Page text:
By Justin Walker
Times are changing. That’s true for agriculture, as well.
Technology. Consumer demands. Prices. But that’s not all. Farm demographics in Texas and the United States are changing, too.
Women and young farmers and ranchers are doing their part in agriculture, breaking stereotypes and pursuing their passions.
In the recently released 2017 Census of Agriculture, 36 percent of all farmers were women, and 56 percent of all farms reported at least one woman makes decisions impacting operations. There are over 1.2 million female farmers in America and 156,233 in the Lone Star State.
Young farmers and ranchers also play a significant role in agriculture. According to the census, there are 321,261 farmers and ranchers under the age of 35 in the U.S. In Texas, there are 28,187 young farmers.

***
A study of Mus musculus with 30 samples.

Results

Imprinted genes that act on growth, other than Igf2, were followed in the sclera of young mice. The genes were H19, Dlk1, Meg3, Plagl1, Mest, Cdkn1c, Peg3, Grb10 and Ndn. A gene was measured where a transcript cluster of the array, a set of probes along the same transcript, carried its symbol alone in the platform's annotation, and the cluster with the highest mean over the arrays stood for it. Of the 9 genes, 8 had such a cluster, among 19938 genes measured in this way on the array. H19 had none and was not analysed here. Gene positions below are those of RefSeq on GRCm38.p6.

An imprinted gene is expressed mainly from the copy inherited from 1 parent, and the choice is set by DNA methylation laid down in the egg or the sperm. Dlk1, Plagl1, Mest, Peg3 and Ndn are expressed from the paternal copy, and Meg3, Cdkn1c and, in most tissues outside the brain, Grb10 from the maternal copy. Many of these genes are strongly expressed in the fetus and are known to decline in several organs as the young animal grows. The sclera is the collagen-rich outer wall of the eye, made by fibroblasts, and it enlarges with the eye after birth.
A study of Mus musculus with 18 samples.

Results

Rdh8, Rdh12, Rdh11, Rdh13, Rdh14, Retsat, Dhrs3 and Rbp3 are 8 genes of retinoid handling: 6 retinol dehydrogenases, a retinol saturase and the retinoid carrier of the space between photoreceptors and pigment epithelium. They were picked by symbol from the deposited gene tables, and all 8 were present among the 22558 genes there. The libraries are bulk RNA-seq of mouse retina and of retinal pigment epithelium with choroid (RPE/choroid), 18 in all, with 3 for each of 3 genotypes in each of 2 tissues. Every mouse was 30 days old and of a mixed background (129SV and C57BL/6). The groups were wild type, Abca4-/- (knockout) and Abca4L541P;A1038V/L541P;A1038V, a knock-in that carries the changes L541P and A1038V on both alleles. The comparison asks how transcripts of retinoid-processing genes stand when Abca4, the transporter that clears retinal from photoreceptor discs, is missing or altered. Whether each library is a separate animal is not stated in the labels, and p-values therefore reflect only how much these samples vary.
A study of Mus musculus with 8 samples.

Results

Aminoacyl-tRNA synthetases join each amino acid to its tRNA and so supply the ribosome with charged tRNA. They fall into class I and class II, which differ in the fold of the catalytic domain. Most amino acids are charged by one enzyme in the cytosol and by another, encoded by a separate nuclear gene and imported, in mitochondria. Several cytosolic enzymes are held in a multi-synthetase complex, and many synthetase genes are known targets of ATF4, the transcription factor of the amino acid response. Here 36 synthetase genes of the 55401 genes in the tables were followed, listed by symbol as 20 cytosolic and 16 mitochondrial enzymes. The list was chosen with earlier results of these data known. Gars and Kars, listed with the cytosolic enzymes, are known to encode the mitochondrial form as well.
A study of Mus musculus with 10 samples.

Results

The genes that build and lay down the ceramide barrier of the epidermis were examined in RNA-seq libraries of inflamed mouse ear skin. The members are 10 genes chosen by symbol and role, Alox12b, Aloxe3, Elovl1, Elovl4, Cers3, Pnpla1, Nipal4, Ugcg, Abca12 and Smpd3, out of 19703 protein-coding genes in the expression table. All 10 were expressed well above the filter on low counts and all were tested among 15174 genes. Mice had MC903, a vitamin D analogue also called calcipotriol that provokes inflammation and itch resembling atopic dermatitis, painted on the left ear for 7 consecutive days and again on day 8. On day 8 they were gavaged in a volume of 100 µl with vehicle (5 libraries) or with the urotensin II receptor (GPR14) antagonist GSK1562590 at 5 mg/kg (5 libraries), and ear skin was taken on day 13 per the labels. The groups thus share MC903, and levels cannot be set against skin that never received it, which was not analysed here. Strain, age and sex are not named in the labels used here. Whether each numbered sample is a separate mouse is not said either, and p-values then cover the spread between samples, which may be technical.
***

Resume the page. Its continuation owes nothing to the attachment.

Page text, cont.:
That’s promising. These men and women are the future of agriculture. Technology and advancements in agriculture will help them be more efficient than ever before.
What about new and beginning farmers and ranchers? Well, there are 908,274 in the U.S. and 118,999 of them are Texans.
Eager. Tenacious. Yet cautious. The challenges are many for those in agriculture, but a fresh perspective and innovative skills will move them, and the industry, forward.
There’s a lot of data in the census—some 6.4 million data points to be more accurate. But it’s important to recognize the contributions of all farmers—women and men, young and old, new and experienced. Without their efforts, Texas agriculture wouldn’t be the same.